Exploration of possibilities

Several writers—for instance Stephen King, Patricia Highsmith, and Minette Walters—likens their writing to exploration: they get an idea, which they then explore in the process of writing the book, neither knowing where it will lead nor how it will end, but still following it.

In his book On Writing, Stephen King calls it “archaeology”: you find a bone (often by chance), and then you start uncovering the skeleton, or whatever, and the blunter the tools the more you damage your find; the stories are already there, you just dig them out. He also says his novels often turn out very different from what he expected, both in terms of length and in terms of story.

I like to view this as guided evolution: you start with a seed, plant it and then control its growth. At any given time in its evolution, there is a limited set of possibilities for the future evolution. By evolving the plant in one direction, you rule out some of them, and sometimes open new possibilities.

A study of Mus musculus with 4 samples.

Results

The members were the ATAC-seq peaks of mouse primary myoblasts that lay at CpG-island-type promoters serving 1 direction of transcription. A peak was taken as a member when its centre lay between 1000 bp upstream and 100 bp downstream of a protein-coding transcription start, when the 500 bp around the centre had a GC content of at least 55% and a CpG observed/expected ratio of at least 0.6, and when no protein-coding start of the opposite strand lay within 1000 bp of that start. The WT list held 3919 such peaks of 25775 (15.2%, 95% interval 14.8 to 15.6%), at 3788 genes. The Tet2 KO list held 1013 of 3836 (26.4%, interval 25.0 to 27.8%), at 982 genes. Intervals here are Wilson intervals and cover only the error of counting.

If you pay attention to these possibilities, and respect them, you get coherence without pre-planning. Why is this scarier to software people than speculating at a time when you don’t know much at all about the system you’re building, and then committing to those speculations (in terms of scope and estimated time to implement)?

The above was posted to my personal weblog on September 10, 2003. My name is Peter Lindberg and I am a thirtysomething software developer and dad living in Stockholm, Sweden. Here, you’ll find posts in English and Swedish about whatever happens to interest me for the moment.